The GAA’s upcoming Special Congress could lead to widespread change in the association’s calendar for the foreseeable future.
With the majority of GPA members backing ‘Proposal B’ to allow for a fairer and more competitive football championship in 2022 and beyond, the body that represents players’ interests has said that a shift in competitions that teams play in could subsequently lead to a change in the time that matches take place.
Friday night games have rarely been used in intercounty football or hurling due to players’ and coaching staff’s commitments outside of the GAA.
That may no longer be the case, however. If ‘Proposal B’ is passed at the Special Congress on October 23, there will be more games than ever before for intercounty football players in what is an already tight and widely criticised calendar that fixtures in all codes and grades must be played within.
This has opened up the possibility of Friday evening throw-ins according to Tyrone goalkeeper Niall Morgan.
“I’d say the biggest part would be that it’s a game like Tyrone-Armagh, or Tyrone-Derry from an Ulster point of view. In the south there’d be different permutations.
“I think it would be a huge talking point because not much actually goes on, on a Friday night in terms of sport. It could really open up an audience,” Morgan said.
He added: “Like the Premiership in England, you could come up with a theme of Friday night football. Players would have to be surveyed because it would have to suit them and their work schedules but if it was put out early enough and players knew this was going to happen, (it could work).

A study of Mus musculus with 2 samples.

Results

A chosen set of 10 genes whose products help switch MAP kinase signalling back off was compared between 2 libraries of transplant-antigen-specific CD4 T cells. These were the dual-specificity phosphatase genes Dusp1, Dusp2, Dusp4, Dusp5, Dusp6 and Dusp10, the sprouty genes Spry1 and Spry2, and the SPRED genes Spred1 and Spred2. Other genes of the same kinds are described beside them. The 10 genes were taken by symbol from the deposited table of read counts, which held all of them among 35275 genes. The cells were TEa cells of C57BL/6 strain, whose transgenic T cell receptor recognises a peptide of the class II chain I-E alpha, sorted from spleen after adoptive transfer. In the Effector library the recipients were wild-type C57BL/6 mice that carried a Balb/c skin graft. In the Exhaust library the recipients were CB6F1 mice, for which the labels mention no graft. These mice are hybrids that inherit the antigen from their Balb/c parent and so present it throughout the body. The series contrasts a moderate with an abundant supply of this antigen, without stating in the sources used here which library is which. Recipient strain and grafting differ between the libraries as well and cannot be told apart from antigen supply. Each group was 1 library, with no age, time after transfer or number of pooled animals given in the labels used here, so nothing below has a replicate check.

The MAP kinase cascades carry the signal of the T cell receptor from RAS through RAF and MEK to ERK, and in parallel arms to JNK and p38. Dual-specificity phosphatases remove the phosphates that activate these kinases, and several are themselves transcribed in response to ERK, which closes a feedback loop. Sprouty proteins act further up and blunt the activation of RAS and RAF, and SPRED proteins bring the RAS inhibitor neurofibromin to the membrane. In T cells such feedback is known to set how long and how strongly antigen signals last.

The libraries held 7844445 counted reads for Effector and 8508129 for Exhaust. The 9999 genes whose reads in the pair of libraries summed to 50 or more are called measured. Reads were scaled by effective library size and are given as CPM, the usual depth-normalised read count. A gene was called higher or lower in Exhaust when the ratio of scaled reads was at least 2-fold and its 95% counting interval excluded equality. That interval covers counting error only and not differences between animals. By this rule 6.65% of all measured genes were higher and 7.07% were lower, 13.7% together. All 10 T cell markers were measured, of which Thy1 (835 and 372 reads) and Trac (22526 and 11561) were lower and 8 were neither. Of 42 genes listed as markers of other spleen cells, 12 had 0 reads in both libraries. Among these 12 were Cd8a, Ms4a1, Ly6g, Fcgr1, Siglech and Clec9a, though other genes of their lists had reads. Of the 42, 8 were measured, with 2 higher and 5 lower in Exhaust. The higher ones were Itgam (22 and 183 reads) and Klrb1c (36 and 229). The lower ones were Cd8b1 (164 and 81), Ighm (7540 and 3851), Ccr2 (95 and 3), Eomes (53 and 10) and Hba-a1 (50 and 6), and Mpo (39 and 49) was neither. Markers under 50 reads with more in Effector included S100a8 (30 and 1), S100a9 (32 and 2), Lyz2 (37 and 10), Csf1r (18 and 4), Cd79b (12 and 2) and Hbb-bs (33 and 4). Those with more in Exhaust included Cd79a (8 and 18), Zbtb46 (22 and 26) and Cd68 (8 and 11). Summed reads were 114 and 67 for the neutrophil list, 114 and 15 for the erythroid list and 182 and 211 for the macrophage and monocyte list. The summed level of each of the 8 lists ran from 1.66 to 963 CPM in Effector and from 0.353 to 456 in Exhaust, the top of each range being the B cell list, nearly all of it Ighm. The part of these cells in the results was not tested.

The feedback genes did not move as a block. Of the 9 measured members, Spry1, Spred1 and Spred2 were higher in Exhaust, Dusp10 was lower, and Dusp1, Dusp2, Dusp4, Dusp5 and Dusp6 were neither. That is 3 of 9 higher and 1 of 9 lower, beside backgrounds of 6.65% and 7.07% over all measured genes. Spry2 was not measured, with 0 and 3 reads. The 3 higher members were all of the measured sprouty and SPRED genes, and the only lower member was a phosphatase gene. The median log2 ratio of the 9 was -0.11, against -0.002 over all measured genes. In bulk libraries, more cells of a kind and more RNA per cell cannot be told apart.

“Tyrone went to all-Friday night (club) league games this year. Some players liked it, and some didn’t so it would have to be carefully surveyed. For example, if there was no one involved in Division 1 close to Tyrone that would mean we’re not going to be involved and so it’s not up to us to talk about it.”
The co-chair of the Gaelic Players Association Marie Kinsella gave the example of how Friday night games have been a huge success in ladies football.
“I think we’ve also seen the amount of coverage the ladies’ game has received as a result of having no competition and the LGFA came out quite strategically and said we’re only going to make it happen if there are two neighbouring counties,” Kinsella explained.
“I think something like that is logistically just common sense for a Friday night game.
“It has done a huge amount for the development of the ladies game this year and I’m expecting those Friday night games to continue but again, there are pros and cons and the memberships should have an opinion on it, yes or no. We have to get back to our members on it.”